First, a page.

By D. G. Cameron

NOVEMBER 24, 1997:  Part of the fun of TV is getting into one show and watching it religiously. For some of us, nothing beats a witty drama with plots that continue from week to week. The best drama of this season, improbably showing on the FOX network, is "Ally McBeal," which chronicles the life of its title character Ally (Calista Flockhart), a young, single attorney trying to keep her professional and emotional sanity intact. Challenging her quest is her ex-boyfriend Billy, once a soul mate and now married to someone else--a fellow attorney at her new firm. Also at the firm, Ally must deal with slimeball partner Richard Fishman and crazy partner John "The Biscuit" Cage. It's office politics and torturous love all the way.

The creative force behind "Picket Fences," "Chicago Hope," "The Practice" and now "Ally McBeal" is television guru David E. Kelley. Kelley cut his teeth writing for Steve Bochco's early hit "L.A. Law." While Bochco grew to greater fame with the sexy, violent shows "N.Y.P.D. Blue" and "Murder One," Kelley created his own baby, the great and greatly underrated "Picket Fences." That show focused on the Brock family: dad, the town sheriff; mom, the town doctor, and their three kids. It gave Kelley the opportunity to write about his favorite issues: thorny legal and medical scenarios. The Emmy Award-winning show tackled topics like euthanasia, criminal insanity and priests with shoe fetishes.

"Ally McBeal" is now inspiring a cult following, and for good reason. The writing is top notch, and the situations Ally gets herself into are both funny and thoughtful. She gets busted by the cops for shoplifting spermicide by accident. She decides to date a rabbi and another attorney who can't keep salad dressing off his face.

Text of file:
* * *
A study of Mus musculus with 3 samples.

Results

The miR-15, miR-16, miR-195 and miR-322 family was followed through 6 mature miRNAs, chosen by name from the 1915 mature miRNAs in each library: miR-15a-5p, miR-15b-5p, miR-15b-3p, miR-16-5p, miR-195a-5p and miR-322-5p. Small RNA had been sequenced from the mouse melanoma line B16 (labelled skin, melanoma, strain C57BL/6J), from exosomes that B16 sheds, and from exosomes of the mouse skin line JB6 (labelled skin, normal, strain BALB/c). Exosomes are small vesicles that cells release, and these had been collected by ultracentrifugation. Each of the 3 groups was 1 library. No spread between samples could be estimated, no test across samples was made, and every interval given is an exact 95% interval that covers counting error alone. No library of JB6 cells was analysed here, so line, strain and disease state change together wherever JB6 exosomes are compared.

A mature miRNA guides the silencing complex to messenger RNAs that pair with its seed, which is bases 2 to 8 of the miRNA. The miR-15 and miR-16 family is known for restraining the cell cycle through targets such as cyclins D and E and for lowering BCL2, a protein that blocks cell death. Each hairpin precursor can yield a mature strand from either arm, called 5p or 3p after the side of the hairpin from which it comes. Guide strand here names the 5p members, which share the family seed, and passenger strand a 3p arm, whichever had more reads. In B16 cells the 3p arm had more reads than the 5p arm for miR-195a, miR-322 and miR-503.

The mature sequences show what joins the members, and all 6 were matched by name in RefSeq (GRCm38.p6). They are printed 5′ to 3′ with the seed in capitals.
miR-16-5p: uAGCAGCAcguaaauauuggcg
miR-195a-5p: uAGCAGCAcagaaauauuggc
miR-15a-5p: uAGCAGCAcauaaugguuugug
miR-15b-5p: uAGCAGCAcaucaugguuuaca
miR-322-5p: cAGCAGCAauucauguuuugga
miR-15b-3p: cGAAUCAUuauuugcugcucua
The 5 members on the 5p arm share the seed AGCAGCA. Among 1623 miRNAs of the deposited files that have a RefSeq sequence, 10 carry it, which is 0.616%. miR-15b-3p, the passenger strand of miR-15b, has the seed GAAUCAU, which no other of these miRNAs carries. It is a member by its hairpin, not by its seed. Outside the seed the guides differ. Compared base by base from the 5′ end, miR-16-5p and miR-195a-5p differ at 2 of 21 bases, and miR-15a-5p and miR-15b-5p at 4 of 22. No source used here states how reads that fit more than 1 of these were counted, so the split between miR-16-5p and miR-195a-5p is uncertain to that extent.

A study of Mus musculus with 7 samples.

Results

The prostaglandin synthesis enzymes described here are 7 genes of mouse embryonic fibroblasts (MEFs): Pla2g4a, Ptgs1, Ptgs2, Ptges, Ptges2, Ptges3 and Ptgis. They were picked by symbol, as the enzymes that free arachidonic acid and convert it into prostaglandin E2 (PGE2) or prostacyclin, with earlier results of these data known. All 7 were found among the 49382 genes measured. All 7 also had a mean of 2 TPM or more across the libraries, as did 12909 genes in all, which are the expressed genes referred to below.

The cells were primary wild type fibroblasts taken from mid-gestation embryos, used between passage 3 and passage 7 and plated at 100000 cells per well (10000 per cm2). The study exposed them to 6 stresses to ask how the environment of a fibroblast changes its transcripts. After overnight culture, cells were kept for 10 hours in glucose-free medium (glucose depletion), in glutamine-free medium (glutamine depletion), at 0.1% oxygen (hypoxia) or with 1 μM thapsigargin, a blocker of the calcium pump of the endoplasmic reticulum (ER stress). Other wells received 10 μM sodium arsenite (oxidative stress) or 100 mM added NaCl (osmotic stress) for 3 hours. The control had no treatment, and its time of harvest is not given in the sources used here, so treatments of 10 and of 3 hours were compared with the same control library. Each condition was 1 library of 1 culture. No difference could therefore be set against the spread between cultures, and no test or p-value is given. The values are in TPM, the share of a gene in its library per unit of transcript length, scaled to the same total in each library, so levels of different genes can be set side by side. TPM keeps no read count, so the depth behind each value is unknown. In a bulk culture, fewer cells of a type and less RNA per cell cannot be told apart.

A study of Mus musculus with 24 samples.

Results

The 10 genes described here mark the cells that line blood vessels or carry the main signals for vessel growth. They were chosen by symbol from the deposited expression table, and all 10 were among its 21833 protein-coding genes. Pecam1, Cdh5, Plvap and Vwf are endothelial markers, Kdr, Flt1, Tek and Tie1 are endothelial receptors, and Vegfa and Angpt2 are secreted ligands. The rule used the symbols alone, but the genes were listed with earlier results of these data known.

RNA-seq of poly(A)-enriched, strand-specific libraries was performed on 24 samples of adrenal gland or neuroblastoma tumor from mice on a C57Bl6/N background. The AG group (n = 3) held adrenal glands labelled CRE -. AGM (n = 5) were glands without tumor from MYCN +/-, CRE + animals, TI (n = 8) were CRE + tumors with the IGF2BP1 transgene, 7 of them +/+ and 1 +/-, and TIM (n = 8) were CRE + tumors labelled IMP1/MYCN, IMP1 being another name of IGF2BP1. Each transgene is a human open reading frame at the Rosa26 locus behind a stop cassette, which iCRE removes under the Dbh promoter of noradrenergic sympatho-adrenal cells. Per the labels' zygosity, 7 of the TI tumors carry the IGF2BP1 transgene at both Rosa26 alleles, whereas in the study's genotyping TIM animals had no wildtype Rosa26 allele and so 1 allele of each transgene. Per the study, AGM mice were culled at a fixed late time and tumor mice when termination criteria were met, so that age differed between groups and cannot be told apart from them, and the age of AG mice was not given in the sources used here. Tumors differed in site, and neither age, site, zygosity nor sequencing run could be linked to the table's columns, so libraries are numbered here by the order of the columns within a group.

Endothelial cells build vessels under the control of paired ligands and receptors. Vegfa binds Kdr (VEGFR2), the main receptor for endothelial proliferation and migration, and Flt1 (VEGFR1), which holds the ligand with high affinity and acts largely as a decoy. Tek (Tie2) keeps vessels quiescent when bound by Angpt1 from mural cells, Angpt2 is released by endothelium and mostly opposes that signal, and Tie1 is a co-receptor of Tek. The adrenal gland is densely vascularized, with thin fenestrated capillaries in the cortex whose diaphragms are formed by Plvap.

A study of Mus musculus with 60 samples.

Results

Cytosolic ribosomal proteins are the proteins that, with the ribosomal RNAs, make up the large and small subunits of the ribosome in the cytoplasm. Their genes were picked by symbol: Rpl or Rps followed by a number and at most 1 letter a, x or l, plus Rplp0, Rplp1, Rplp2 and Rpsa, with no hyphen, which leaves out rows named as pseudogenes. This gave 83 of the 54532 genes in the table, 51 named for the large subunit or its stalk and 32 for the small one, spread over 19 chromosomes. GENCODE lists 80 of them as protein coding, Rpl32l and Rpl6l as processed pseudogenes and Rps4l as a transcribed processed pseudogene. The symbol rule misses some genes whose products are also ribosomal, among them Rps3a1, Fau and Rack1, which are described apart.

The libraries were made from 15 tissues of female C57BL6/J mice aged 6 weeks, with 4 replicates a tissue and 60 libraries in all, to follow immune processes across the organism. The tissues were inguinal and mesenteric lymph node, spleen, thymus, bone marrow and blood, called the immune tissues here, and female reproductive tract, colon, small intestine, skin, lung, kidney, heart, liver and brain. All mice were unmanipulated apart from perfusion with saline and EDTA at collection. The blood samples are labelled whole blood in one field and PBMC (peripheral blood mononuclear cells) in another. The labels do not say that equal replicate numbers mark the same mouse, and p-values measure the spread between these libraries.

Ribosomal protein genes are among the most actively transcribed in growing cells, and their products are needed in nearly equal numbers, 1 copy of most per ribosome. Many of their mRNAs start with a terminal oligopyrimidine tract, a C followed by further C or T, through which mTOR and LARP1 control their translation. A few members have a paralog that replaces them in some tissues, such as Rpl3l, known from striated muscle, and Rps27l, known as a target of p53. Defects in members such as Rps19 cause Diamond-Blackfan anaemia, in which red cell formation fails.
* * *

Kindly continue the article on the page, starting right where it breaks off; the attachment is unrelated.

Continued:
Interestingly, "Ally McBeal" breaks conventions of typical law shows by interspersing computer-animated snippets of action throughout each episode. Critics have compared these "imaginary" sequences to The Secret Life of Walter Mitty. But what the special effects illustrate aren't really Ally's fantasies; they are her internal emotions made visual. A garbage trunk dumping Ally into its bowels marks her romantic jilting by a potential client; slime covers her face when she perpetrates a sleazy legal tactic. It has the fun, zappy feel of one of FOX's former cult hits, "Parker Lewis Can't Lose," and the more you see of it, the better it works. Perhaps it's because television drama so seldom ventures away from straight-ahead realism or perhaps because the effects add humor to tense situations. Either way, it's a refreshing use of television's narrative flexibility.

If you do get into "Ally McBeal," beware: David Kelley has a reputation for turning his shows over to other writers who inevitably ruin them. (I cried when this happened to "Picket Fences.") Better enjoy "Ally" while she lasts.